Let past experiences fuel positive change


    Life experiences often result in change for the good 8212; when in the right hands, that is.

    Brigitte Gabriel, an individual known for her activism against radical Islam, has decided to use her past life experiences, which were negative, to form generalizations.

    Gabriel grew up in Lebanon, and radical Muslims bombed her village. According to an article in The New York Times, Gabriel said she was left injured in a pile of rubble after the bombing.

    Today, Gabriel claims radical Islam also has infiltrated the United States, according to the article. In a response to this infiltration, Gabriel formed an organization called ACT! for America, which strives to educate Americans about the threat radical Islam poses while solving the issue of radical Islam’s influence on the United States.

    Brian Fishman, a representative from the Combating Terrorism Center at the U.S. Military Academy at West Point, said in the article Gabriel’s claims were not aiding in limiting radical Islam.

    “When you’ve got folks who are looking for the worst in Islam and are promoting that as the entire religion of 1.5 or 1.6 billion people, then you only empower the real extremists,” he said.

    Fishman’s comment demonstrates the fact that Gabriel is highlighting a faction of Islam that is dangerous that only exists largely in nations where Islam is the predominant religion.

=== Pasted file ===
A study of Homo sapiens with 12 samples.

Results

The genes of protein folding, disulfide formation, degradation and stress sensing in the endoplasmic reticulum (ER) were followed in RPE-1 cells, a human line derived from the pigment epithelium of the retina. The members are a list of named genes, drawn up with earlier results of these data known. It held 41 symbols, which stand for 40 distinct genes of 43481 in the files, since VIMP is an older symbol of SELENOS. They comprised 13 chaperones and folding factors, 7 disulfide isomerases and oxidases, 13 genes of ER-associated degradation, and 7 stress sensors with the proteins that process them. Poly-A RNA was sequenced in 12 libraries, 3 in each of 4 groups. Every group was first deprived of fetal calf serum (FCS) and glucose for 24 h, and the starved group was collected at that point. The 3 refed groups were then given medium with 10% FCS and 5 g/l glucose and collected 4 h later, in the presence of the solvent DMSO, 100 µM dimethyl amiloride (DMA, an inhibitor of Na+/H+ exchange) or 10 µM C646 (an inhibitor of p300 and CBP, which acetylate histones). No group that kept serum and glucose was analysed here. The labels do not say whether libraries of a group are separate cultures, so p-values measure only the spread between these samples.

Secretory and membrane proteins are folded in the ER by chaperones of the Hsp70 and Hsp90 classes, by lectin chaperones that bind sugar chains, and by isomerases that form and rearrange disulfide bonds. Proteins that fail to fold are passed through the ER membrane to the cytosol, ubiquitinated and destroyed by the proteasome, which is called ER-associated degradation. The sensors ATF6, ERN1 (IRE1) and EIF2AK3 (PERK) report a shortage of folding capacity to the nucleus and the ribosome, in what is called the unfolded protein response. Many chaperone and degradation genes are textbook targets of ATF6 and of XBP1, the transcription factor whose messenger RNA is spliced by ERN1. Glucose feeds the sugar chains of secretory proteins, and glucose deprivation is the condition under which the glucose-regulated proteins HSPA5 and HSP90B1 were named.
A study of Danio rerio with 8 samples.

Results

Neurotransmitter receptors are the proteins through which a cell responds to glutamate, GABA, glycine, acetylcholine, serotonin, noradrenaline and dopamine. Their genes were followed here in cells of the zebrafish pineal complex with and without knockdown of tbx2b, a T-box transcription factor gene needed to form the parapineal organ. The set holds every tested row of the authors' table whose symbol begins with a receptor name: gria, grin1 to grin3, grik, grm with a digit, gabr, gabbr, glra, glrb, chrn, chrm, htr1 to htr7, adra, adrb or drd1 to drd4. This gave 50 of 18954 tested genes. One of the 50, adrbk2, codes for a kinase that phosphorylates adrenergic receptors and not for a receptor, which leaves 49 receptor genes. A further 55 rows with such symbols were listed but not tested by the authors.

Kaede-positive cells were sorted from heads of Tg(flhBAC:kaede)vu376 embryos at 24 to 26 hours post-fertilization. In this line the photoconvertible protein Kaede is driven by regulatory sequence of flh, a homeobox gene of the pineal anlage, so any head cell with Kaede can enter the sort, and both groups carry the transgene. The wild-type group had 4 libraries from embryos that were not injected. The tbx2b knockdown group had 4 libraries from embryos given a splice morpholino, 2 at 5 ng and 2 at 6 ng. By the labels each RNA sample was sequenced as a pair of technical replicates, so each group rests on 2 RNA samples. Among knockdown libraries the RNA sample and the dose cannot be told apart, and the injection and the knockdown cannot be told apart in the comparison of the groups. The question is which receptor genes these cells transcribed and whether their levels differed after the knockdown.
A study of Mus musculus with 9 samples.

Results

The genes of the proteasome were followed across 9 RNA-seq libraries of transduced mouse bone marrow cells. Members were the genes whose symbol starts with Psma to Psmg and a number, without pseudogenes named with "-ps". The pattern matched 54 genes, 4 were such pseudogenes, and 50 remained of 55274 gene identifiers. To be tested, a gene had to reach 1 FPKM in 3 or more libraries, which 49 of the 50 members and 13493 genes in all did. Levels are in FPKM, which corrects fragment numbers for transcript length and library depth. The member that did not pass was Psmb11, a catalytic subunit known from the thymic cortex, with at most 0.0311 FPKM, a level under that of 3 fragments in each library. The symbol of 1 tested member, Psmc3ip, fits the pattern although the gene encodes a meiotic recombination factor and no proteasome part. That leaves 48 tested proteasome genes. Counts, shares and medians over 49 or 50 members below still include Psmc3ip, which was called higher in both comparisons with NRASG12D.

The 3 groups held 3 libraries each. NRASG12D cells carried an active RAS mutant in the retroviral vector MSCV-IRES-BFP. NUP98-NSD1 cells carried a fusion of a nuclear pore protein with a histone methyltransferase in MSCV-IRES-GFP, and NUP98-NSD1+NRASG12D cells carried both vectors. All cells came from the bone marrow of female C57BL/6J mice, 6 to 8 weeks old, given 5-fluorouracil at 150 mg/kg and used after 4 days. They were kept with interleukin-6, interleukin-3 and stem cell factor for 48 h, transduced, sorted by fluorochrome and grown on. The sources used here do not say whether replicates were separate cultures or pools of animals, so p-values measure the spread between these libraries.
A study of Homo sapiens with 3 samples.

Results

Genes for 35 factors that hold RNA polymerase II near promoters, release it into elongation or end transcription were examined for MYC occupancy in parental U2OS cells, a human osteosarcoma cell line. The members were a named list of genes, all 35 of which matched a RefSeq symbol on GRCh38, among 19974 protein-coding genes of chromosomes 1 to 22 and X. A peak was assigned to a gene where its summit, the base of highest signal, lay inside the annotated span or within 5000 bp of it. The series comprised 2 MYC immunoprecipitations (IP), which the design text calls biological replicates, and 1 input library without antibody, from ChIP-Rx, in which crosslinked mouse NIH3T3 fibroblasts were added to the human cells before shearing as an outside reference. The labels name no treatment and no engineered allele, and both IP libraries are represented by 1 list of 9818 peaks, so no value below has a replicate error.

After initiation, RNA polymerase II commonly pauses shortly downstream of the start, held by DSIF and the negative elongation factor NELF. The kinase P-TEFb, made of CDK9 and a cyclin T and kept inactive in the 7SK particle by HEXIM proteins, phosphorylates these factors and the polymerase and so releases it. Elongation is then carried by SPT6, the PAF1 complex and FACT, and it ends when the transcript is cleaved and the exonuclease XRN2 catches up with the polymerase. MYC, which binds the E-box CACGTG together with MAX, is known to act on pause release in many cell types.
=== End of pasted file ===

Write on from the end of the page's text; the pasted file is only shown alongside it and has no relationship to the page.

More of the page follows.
Gabriel’s efforts, then, are largely based on her own disdain for Islam based on firsthand experience.

    Furthermore, while Americans did experience this type of an attack on 9/11, it was not as personal as Gabriel’s account from Lebanon.

    Most of Gabriel’s support comes from groups that are conservative evangelical Christians, Jews and Christians who are hard-line supporters of Israel and tea party Republicans.

    In fact, it was at a tea party rally in Fort Worth on Sept. 18 that Gabriel broadcast her message.

    What’s more, Gabriel has claimed that ACT! for America is not affiliated with any religious or political preference, yet she regularly appears on conservative talk radio and talk shows, such as “The O’Reilly Factor.”

    Gabriel’s denial of ideological affiliation and the subsequent affiliation with ideological groups suggests that she has a radical agenda, which can be found in her rhetoric. She uses statements such as “hate-mongering” and “ideologue” to describe racial Islam, yet ironically fails to recognize that she is portraying herself as a hatemonger and ideologue by using those terms.

    Divisive rhetoric and action like this, not limited only to Islam, has also caused recent chaos in the United States, as shown by January’s Tucson shootings.

    Although the United States was attacked in a serious manner on 9/11, no one has the right to perpetuate violence. As far as I’m concerned, there’s no reciprocity of violence.

    Gabriel has allowed her past experiences, which were truly devastating, to be an excuse for irrational revenge.

    Her goal should not be to perpetuate the feelings she felt as a young girl in Lebanon. Instead, Gabriel’s best bet would be to appeal objectively to the fact of the matter 8212; not every Muslim is a radical and violence does not deserve more violence.

    Wyatt Kanyer is a junior news-editorial and Spanish double major from Yakima, Wash.